Andrew Scheer's problematic approach to his populist supporters - 2019-03-26
Earlier this month, from a flag-draped dais in Kitchener, Conservative Party leader Andrew Scheer looked on earnestly as an audience member asked him whether Justin Trudeau should be in jail for, among other things, supporting ritual child abuse. "Trudeau gave $600 million to the Clinton Foundation," the man said by way of prelude at a town-hall meeting organized by the Conservative Party of Canada. "The Clinton Foundation is part of child trafficking and child sacrifice, if you study it. It's in the pizzagate."
Scheer gamely answered the question as though he hadn't just been asked about one of the most notorious (and widely debunked) conspiracies in modern political history. He later claimed to have not heard the question. To be fair to him, the audience began clapping loudly at the man's suggestion that one of the biggest charities in America was secretly trafficking and sacrificing children. In any event, the question was indicative of the conundrum Scheer now faces, as he attempts to harness the raucous strain of anti-Trudeau animus sweeping across the country: embrace the motivated populist anger of these crowds, along with the unhinged bits seemingly inherent in them, or cede this support to his rightward rival, Maxime Bernier and the People's Party of Canada. Scheer has chosen a third option, which is to welcome the crowds while denying the ugly bits even exist — even as they pop up in front of Scheer's very eyes. Consider his February appearance at a rally organized by United We Roll, which has a well-established connection to the country's yellow vest movement, the proudly anti-immigrant group that sprung up in the wake of a similar movement in France.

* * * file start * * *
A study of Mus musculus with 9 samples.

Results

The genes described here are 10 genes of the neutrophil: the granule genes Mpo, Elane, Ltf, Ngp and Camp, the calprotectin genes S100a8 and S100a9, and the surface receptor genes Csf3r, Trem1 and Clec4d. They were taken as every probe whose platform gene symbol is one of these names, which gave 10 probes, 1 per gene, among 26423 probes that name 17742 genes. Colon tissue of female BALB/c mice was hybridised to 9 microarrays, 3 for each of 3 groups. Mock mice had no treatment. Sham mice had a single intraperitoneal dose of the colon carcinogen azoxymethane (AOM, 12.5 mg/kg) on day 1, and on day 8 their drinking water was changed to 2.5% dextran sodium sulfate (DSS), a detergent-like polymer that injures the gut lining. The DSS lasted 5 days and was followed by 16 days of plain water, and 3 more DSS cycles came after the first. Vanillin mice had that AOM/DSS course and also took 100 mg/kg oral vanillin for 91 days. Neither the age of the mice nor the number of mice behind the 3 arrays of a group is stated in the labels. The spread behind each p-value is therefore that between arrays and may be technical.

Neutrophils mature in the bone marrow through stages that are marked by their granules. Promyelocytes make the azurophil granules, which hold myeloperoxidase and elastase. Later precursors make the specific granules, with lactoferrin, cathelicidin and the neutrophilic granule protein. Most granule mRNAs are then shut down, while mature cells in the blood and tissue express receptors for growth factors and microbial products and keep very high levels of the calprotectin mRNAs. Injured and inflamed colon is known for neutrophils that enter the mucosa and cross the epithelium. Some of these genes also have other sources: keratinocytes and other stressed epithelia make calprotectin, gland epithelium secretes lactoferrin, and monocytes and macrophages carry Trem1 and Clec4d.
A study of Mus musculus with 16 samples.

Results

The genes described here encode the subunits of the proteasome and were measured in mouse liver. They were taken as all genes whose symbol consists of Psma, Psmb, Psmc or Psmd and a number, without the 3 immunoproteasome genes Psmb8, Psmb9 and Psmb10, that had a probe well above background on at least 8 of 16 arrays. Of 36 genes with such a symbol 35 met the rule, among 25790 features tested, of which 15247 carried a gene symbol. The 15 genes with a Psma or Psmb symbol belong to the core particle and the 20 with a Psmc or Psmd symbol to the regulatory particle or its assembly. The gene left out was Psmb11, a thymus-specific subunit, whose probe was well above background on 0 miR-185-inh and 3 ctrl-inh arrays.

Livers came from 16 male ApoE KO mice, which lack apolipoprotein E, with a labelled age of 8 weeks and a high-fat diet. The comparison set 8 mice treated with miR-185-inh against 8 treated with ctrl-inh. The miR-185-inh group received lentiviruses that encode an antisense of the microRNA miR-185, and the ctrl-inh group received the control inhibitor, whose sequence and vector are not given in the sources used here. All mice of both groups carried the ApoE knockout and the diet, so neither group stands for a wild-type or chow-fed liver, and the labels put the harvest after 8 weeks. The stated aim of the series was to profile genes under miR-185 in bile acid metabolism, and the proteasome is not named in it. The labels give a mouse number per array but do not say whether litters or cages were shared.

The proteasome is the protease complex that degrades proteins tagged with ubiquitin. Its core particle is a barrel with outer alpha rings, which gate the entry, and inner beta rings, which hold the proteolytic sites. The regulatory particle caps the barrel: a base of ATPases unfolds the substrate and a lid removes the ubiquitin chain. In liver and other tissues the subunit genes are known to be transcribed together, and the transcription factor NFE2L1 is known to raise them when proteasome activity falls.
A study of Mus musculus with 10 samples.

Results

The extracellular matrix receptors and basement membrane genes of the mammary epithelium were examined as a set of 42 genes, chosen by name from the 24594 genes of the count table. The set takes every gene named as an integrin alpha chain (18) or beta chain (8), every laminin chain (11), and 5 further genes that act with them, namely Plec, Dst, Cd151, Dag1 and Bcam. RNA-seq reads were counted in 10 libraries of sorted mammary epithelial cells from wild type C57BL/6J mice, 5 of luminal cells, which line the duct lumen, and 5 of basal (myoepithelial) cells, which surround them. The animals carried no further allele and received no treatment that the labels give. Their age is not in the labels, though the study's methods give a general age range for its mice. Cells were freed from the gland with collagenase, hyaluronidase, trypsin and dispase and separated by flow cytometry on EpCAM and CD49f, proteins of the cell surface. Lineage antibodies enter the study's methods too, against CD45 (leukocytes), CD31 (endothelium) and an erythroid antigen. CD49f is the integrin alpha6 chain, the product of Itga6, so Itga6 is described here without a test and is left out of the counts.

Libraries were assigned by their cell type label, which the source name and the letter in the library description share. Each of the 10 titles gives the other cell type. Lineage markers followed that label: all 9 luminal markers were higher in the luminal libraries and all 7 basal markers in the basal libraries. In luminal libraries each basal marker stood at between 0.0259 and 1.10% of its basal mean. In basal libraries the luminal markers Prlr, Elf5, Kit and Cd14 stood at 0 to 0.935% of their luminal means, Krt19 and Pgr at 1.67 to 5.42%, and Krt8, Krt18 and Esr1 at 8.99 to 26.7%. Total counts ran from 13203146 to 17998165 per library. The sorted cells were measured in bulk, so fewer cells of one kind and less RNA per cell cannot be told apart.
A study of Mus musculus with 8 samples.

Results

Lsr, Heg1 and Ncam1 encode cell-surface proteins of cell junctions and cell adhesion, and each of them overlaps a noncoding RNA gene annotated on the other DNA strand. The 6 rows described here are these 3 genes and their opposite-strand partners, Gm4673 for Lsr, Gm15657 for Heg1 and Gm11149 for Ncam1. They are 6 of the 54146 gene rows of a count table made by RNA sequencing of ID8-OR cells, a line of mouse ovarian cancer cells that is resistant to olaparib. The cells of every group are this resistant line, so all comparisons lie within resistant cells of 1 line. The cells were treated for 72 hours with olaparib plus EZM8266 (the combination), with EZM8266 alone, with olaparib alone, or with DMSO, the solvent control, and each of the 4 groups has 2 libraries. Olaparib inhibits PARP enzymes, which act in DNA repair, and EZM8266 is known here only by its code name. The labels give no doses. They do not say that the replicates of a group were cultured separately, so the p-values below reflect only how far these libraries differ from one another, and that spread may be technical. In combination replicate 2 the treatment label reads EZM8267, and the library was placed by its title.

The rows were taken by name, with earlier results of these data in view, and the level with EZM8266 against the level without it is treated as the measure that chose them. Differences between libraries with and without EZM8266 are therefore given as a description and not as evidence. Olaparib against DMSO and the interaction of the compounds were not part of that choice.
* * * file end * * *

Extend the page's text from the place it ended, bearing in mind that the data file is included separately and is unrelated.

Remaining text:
Scheer's speech, which focused on Trudeau's alleged hatred of the oil and gas industry, was a play for truckers and their supporters, United We Roll's ostensible supporters. Yet an apparent conspiracy-obsessed heckler peppered his three-minute spiel with familiar "He's attacking your children" rhetoric, while another wondered out loud, in both official languages, what Scheer was going to do about the United Nations. A sign outside Ottawa's West Block also critiqued the U.N. and said Trudeau should be charged with treason. The relationship between Scheer and these populist crowds is mutually beneficial. He gets a friendly audience, while this audience has the implied stamp of approval from the man who may well be the next prime minister. The conspiratorial types who keep showing are just an unfortunate by-product, it seems. When I asked a Conservative adviser about them, he shrugged his shoulders. "We can't control who shows up to these events," he told me, seemingly by rote. Yet it is difficult to understate the danger of Scheer's gambit. By appearing at events like United We Roll, Scheer gives legitimacy to voices that would otherwise (and deservedly) exist only on the fringes of Canada's political discourse — and which have become notably loud and brazen over the last several years. It used to be that Trudeau's critics pilloried the prime minister for his conspicuous liberalism. Now some are calling for his head. "You are working for your globalist partners. I wonder how much they are paying you to betray Canada," a woman said to Trudeau during Regina town hall last January. "What do we do with traitors in Canada, Mr. Trudeau? We used to hang them, hang them for treason." Scheer is in a difficult spot. Populist fury against the current government is widespread and politically active. Yet emboldened in part by the example of scorched-earth nationalism espoused by the current American president, it has also become decidedly more visceral and conspiracy-oriented as we march closer to the October election.